This was another of our “we’ve seen them on telly, let’s see what they’re like in real life” punts. To say that Lucy Porter has been around for ages doesn’t sound like a very gentlemanly comment to make but she did intimate during the course of the show that she’s chalking up the years a little, so it was about time we saw her in the flesh. Choose Your Battles is the show she took to Edinburgh last year and jolly well received it was too.
The title comes from the age-old advice not to fight those battles you can’t win (if only the late Dowager Mrs Chrisparkle could have done that she would have been so much happier) but it also points to the fact that Lucy Porter doesn’t like battles. In fact, she’s the least battlish person you’d ever come across. If you drew a Venn Diagram with her in one circle and, say, renowned battleaxe Christine Hamilton in another, not only would they not intersect, they wouldn’t even appear on the same piece of paper.
Much of the show is given over to examples of how conflict-averse our comic heroine is. She gives us an entertaining insight into how she doesn’t like to engage in conflict with the children, so they run amok in posh restaurants whilst she and her husband discuss the niceties of that day’s Guardian opinion piece. She tells us how difficult it was when her mother came to live with them in her old age, because she found it impossible to challenge her on her passive-aggressive note-leaving. She explains how she and her husband never come to blows on anything, but just quietly seethe in voiceless anger because she can never clear the air on anything disharmonious in the relationship. We re-enact with her an unpleasant experience where a driver almost ran over her and her kids on a zebra crossing because he was on his phone – yet he still made her feel it was his fault. Take a bow, Ed from Peterborough, you did a grand job.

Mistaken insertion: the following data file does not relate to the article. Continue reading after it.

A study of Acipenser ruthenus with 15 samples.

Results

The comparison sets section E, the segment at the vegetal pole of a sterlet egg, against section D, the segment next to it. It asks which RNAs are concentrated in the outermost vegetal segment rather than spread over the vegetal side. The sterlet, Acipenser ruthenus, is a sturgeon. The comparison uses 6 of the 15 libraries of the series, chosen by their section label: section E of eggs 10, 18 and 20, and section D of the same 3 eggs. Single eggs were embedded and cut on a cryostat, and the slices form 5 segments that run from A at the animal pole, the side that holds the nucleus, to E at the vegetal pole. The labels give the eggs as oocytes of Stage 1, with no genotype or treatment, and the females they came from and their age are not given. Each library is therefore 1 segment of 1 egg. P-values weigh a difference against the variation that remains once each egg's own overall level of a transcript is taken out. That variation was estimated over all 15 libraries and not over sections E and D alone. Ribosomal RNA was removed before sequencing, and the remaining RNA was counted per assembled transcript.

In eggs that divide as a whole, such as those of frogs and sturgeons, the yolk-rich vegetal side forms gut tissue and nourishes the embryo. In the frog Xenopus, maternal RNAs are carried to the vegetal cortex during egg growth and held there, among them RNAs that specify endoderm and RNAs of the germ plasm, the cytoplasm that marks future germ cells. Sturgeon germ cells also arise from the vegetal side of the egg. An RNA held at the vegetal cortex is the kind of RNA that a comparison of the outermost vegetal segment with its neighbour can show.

This is a beautifully constructed show, packed with material and incident, with some gentle, totally unforced callbacks that create a satisfying climax, if you’ll pardon the expression. Ms Porter has a very genial air about her onstage – delightfully unthreatening, respectful and polite, and you’d never run the risk of humiliation, unless you really, really asked for it. She engages the audience and draws us in to her life and experiences, so that you get the feeling you’re chatting with an old pal rather than watching a fully scripted stand-up gig. Included in the material are a few opportunities to take surveys of the audience to see how conflict-averse we are too, particularly in relation to social media and dealing with trolls. I was surprised to find that I’m not as conflict-averse as most of my co-audience members. So you can even learn a bit about yourself too. You’ll also find out how much it costs to get a new set of keys for a Volvo.
It’s not earth-shatteringly challenging, but nor is it in any way bland or vanilla. Two hours of fully recognisable and quite possibly shared emotions and observations. Very enjoyable, and enormously self-assured. Ms Porter may have chalked up a few years, but experience tells!